Elon Musk Responds to Parody Account's Tweet About "Lizard Boy"

Elon Musk responds to a tweet from his parody account about "Lizard Boy" while addressing legal disputes with Meta CEO Mark Zuckerberg. Get the details on this humorous exchange and the allegations surrounding Meta's new app, Threads.

Elon Musk Responds to Parody Account's Tweet About "Lizard Boy"

In the midst of legal disputes between Elon Musk and Meta CEO Mark Zuckerberg, a tweet from Elon Musk's parody account has caught the attention of the internet. The spoof account, known as Elon Musk (Parody) on Twitter, has been generating significant buzz lately.

Recently, Mr. Musk addressed a post shared by his parody account. This tweet came just a day after Meta introduced Threads, a new Instagram app. The tweet humorously stated, "I spent $44 billion for this app and now Lizard boy just decided to hit copy and paste. It's personal now. See you in the cage, Zuck [Mark Zuckerberg]."

Although the tweet was initially mistaken as being from Elon Musk himself, the parody account gained over 30 million views and approximately 60,000 retweets. In response, Elon Musk clarified, "So many people think this account is me."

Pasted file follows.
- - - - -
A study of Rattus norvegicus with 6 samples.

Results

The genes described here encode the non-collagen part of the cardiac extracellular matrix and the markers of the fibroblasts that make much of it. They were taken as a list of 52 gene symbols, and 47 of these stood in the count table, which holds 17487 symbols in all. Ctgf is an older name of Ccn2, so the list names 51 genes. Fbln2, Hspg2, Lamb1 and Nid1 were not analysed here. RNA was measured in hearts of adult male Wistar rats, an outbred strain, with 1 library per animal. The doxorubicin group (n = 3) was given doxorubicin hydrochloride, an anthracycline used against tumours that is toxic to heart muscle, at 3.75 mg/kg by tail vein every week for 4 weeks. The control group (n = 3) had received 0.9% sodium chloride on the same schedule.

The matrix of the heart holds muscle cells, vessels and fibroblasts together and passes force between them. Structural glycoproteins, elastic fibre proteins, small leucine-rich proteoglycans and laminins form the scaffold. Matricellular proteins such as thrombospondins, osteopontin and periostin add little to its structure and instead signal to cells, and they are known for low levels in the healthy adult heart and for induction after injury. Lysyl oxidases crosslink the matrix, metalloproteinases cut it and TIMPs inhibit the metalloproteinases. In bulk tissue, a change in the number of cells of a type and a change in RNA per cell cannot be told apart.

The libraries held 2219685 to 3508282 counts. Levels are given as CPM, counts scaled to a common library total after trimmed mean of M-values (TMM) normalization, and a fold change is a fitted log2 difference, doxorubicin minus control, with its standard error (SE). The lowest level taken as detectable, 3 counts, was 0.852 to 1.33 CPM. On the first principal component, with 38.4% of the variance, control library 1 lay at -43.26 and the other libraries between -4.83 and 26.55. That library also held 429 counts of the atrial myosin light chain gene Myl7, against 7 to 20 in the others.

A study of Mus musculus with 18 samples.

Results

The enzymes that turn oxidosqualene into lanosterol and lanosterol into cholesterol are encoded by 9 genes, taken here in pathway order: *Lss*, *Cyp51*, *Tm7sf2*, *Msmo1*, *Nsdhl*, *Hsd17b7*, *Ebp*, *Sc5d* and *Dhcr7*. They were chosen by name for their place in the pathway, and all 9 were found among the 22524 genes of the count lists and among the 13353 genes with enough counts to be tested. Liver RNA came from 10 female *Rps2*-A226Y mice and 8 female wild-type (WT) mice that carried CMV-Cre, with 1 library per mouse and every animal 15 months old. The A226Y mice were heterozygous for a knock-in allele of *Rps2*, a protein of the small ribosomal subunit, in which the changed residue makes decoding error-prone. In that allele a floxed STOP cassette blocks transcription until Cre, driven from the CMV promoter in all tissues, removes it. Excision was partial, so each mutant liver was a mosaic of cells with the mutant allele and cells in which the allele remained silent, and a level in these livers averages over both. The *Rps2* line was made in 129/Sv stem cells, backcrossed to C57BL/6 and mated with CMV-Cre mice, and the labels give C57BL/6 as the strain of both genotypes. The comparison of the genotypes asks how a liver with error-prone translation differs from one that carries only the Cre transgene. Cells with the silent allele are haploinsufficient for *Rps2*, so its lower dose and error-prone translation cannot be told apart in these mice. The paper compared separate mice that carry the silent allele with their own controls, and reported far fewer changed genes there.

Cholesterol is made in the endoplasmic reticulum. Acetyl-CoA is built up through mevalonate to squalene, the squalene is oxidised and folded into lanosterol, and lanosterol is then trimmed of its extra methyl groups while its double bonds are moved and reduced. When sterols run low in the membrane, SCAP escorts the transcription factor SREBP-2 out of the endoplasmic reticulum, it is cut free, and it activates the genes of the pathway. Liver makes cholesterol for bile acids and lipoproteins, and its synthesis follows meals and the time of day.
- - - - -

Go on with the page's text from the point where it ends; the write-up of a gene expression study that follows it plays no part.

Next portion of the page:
When popular YouTuber MrBeast asked, "It's not?" Elon Musk simply responded with a straightforward "nope." MrBeast made headlines for becoming the first person to reach 1 million followers on Threads, achieving this milestone on July 6 at 2:42 p.m. BST / 9:42 a.m. EST, as confirmed by Guinness World Records.

Following Elon Musk's response, the parody account shared a screenshot of the tweets and admitted, "Sometimes I forget to switch accounts when I post."

Earlier, Elon Musk's Parody account playfully mentioned, "I should just copy and paste Instagram and see how Lizard boy feels then. I mean, I could do it?"

Meanwhile, Threads faced legal threats, with allegations of violating Twitter's intellectual property rights. Elon Musk's lawyer, Alex Spiro, sent a letter to Mark Zuckerberg, accusing Meta of "unlawful misappropriation of Twitter's trade secrets and other intellectual property." The letter also claimed that Meta had hired numerous former Twitter employees who still had access to Twitter's confidential information. Alex Spiro emphasized that Twitter intended to strictly enforce its intellectual property rights.

In response to these claims, Meta refuted the allegations, stating that the Threads engineering team does not include any former Twitter employees.